Has your baby’s beautiful little head started to develop some yellowish, oily, scaly crusts? It’s called cradle cap, and there’s no need for concern because it:
The cause of cradle cap isn’t entirely clear, but it’s thought that it happens when a baby’s skin makes too much oil called ‘sebum’, probably due to mum’s hormones still circulating around in the baby’s system.
The extra oil that’s produced interferes with the natural shedding of skin on the scalp, so a build up of dead skin occurs.
Cradle cap may also happen when a baby’s immature immune system overreacts to the yeast on the scalp, which then causes inflammation.
Cradle cap can spread to your baby’s eyebrows and behind their ears. The scaly patches can sometimes be found on other parts of the body too, such as up their nose, in their nappy region, armpits, and backs of their knees.
You may have tried peeling off the crust but found it doesn’t come off very easily, or you might find it looks inflamed or irritated under the scales. A little hair may also come out with it.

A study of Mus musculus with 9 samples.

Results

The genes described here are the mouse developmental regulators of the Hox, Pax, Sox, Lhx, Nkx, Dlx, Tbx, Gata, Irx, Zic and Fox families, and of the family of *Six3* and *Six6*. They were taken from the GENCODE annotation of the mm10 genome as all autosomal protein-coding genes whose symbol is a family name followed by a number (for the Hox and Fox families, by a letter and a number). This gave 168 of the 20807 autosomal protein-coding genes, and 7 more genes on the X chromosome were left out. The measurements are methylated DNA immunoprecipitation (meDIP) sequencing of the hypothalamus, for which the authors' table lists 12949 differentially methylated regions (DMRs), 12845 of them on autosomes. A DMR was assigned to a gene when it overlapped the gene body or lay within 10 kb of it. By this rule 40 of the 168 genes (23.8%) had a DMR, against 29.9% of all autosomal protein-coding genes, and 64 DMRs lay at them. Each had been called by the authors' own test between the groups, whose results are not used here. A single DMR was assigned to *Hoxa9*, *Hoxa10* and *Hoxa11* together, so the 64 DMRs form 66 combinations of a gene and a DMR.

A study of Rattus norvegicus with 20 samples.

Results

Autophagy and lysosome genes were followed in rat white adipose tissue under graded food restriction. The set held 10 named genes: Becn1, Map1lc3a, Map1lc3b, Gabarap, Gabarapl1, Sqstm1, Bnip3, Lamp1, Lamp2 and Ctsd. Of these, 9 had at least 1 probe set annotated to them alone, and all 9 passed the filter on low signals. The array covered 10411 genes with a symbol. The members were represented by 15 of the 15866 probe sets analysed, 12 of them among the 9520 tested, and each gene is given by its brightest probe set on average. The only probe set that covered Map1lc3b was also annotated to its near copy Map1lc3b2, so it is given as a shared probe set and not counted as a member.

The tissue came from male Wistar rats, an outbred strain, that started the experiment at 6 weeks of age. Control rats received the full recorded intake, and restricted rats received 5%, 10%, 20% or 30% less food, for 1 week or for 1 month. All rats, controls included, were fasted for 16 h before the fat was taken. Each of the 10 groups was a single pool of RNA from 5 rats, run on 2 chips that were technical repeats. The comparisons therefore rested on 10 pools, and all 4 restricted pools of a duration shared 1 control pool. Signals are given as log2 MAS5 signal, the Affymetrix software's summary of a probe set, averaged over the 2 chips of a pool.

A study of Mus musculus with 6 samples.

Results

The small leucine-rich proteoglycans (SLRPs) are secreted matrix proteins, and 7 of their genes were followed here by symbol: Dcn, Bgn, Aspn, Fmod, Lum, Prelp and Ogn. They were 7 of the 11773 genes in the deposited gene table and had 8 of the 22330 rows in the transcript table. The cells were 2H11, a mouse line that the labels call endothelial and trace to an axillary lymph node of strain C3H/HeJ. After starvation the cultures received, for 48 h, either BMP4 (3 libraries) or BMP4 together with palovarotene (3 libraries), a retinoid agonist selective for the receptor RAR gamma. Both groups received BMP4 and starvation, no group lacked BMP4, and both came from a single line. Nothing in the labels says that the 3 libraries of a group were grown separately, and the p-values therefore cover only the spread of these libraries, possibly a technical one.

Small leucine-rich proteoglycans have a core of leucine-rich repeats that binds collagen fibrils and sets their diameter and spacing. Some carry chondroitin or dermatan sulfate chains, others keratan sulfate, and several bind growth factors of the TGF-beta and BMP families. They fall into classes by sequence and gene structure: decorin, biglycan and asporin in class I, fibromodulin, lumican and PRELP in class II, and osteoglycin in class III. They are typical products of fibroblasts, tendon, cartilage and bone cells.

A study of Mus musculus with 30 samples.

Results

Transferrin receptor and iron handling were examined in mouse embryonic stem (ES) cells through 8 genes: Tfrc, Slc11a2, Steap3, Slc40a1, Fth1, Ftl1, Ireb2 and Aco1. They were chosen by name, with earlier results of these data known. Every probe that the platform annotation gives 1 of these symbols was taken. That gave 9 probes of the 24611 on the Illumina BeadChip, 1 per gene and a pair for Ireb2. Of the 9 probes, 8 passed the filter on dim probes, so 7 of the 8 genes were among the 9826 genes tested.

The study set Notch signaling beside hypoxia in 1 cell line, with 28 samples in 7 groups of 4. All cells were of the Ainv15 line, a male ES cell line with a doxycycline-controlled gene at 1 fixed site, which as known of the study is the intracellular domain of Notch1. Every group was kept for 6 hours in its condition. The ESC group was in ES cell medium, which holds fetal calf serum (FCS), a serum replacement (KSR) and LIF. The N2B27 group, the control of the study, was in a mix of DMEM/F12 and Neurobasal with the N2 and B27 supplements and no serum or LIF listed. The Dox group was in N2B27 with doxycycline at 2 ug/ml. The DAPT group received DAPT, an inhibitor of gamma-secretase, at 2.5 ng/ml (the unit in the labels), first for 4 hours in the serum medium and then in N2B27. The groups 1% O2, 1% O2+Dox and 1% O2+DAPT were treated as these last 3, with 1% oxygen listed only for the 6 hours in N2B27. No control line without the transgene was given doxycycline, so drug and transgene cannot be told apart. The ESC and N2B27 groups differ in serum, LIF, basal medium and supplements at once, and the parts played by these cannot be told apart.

It’s important not to pick or scratch at the cradle cap as it can get infected.
It will clear up on its own with time, but you can help it along by getting rid of the crusts. Just follow these two simple steps each day:
Your baby most likely won’t need to see a doctor about their cradle cap, except for the following reasons.
If it comes back again after treatment, there’s no need to worry. It just means that your baby is still making extra oil. Simply go through the treatment steps again to nip it in the bud. It usually completely clears up between 6-12 months.